Art Oberto wasn’t satisfied with regular pens. He had to carry four-color pens, usually four at a time, that he would give out to anyone he met, even though the inscription identified the recipient as a thief. “Stolen from Art ‘Oh Boy’ Oberto,” each pen was labeled. “Have fun now!”

Oberto loved a gimmick, whether it was handing out pens, or wearing in public the same red, white and green paper hat that his employees wore in his jerky factory, or driving the “Jerky Mobile,” a 1950s Lincoln also painted red, white and green — the colors of the Italian flag, and the Seattle company he built from the time he was a teenager.

“He was happier than anyone I had ever met,” longtime friend David Williams said. “He had a really good grasp on what life was about. He ran a large company, but he always told me everything you do has got to be good for everyone involved, or it’s not worth doing.”

Arthur Oberto, a Seattle fixture who grew his father’s sausage business into a multimillion-dollar company that was at one point the largest producer of beef jerky in the U.S., died Friday at his assisted-living apartment in Seattle. He was 95.

Oberto had a mild stroke about a week earlier, according to his son Jimi Oberto.

The Oberto company is among Seattle’s most recognizable brands. With its Italian-flag-colored logo, below the “Oh Boy!” slogan, the name has been splashed on bags of jerky and Cocktail Pep smoked-sausage sticks, its former storefront on Rainier Avenue South, and on hydroplanes the company began sponsoring in 1975.


The story of the business, too, was one of Seattle lore: Oberto’s father, Constantino Oberto, came to the U.S. and settled in South Seattle, where he sold sausages created with recipes he brought over from Italy. When Constantino died on Labor Day 1943, his wife and son took over the business. Art Oberto was 16, the only high school student in class with an ulcer, according to a 1998 Seattle Times story.

“I told my mom, ‘Don’t worry; we can run it.’ We had no meat anyhow,” Art recalled in the 1998 story. Meat was rationed because of World War II, but a meat inspector talked other sausage makers into giving Oberto their meat because they felt sorry for the teenager.

A decade later, the family had enough money for a small sausage factory, or so they thought. He had to halt plans halfway through because of mounting costs. He married Dorothy Vennetti and together they borrowed $40,000 to finish construction.

As the business grew, so did the Oberto family, with a daughter and three sons. When son Jimi was an infant, Art Oberto loaded up the motor home — also painted with Oberto colors — and moved the family to Southern California. It was a short endeavor, Jimi said, after some business friends likely told him he was crazy for leaving his hometown.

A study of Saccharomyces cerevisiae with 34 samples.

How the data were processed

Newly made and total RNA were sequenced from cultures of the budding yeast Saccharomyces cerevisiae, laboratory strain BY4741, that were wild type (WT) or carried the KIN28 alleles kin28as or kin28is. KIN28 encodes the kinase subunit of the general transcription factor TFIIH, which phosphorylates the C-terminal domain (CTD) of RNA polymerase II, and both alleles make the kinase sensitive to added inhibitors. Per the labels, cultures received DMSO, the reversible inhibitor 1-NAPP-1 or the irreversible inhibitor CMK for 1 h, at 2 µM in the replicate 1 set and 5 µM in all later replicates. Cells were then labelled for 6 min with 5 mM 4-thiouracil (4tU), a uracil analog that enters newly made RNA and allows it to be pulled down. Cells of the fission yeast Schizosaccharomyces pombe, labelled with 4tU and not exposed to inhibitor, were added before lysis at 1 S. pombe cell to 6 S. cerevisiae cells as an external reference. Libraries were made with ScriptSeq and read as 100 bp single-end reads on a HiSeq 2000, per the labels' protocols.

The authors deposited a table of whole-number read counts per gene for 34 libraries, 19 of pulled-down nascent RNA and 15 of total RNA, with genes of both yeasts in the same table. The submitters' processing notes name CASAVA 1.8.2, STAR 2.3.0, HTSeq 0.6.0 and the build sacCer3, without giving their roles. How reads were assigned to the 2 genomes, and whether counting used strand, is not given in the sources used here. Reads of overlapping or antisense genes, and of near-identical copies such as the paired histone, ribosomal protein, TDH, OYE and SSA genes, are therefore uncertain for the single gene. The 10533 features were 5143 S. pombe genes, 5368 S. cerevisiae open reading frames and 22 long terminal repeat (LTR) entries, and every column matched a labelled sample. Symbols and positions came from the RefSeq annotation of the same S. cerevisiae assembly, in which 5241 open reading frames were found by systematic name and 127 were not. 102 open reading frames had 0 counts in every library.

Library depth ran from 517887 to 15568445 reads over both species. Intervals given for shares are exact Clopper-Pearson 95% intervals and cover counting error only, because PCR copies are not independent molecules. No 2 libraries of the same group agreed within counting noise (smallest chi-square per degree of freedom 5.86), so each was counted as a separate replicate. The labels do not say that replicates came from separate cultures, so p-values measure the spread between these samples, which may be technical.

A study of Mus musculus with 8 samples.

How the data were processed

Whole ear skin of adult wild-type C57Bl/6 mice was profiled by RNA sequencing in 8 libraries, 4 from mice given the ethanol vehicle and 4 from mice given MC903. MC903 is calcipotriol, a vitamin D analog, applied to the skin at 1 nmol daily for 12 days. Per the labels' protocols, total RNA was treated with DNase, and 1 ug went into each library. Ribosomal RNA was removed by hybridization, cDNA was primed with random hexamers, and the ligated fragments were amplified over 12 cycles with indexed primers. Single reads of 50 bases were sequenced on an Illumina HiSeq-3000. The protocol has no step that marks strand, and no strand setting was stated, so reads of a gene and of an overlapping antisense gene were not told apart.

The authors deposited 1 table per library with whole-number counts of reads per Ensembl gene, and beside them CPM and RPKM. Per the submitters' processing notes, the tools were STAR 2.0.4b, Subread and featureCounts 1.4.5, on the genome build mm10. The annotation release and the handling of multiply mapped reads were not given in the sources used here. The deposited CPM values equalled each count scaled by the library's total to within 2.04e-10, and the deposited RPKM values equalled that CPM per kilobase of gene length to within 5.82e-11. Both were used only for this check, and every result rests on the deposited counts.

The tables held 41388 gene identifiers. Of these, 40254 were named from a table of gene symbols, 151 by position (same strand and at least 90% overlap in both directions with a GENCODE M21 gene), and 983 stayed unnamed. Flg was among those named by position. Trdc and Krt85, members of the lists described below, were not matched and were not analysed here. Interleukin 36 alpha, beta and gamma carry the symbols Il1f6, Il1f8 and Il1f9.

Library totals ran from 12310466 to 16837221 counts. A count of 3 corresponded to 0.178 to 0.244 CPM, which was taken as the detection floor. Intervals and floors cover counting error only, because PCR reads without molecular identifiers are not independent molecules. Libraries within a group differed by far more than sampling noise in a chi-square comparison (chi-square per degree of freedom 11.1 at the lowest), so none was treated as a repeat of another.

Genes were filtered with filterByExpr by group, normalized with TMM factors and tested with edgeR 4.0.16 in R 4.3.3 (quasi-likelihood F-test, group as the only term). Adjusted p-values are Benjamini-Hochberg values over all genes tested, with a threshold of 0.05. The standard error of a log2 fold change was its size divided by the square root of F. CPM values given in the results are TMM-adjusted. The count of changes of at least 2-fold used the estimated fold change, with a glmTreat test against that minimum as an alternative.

“He really is a Seattle guy,” Jimi Oberto said in an interview Saturday. “He was born here, he lived here his whole life. He never wavered.”

Since news of his father’s death spread, Jimi Oberto said he heard stories not just about the business, but from former and current Seattle residents recalling the time he sponsored a kids’ sports team, or gave out pepperoni samples, or gave out stickers at a parade. Those one-on-one moments, he said, were what touched people the most.


“He was very blessed in his success and he wanted to pass that on to his community,” said Williams, the executive director of the Hydroplane and Raceboat Museum in Kent, in an interview.

It helped that in many instances, he was also promoting his company, with those gimmicks he loved. That extended to hydroplanes — during a 1975 telethon to fund Seafair, he was sold on sponsoring one. His family lived in the Mount Baker neighborhood next to Interstate 90, so he could watch the races on Lake Washington through his windows.

In 2015, Williams took Oberto for a ride on the lake in a restored vintage Oh Boy! Oberto hydro, powered by an aircraft engine. It was Oberto’s first ride, and the then-87-year-old loved it.

“He was like a 19-year-old beauty queen in a parade, waving the whole way and smiling,” Williams said.

In the early 1980s, Oberto transitioned from president to chair. Over the years, other companies had tried to buy Oberto, but he kept the offers in a desk folder, according to a 2007 Seattle Times story.

“Why sell out when we own everything and I can control my own destiny?” Oberto asked around the time he turned 80. At his birthday gathering, every guest wore a shirt with his face on it.


But Dorothy died in 2013, and within five years he realized he wasn’t able to be as involved as he wanted to because he was getting older, Jimi Oberto said. The family sold the business to Premium Brand Holdings, a food conglomerate based in British Columbia. The Canadian company paid $188 million to acquire Oberto.

The Rainier Avenue store shuttered in 2021 to make way for a four-story school building on the site. A factory store in Renton remains open, selling the same products Oberto gave as samples decades earlier.

Art Oberto was preceded in death by his wife, Dorothy. In addition to Jimi, who lives in Fall City, he is survived by his sons Steve and Larry, and daughter Laura, all of the Greater Seattle area, and several grandchildren and great-grandchildren.

The family has not planned services.

Information from Seattle Times archives is included in this report.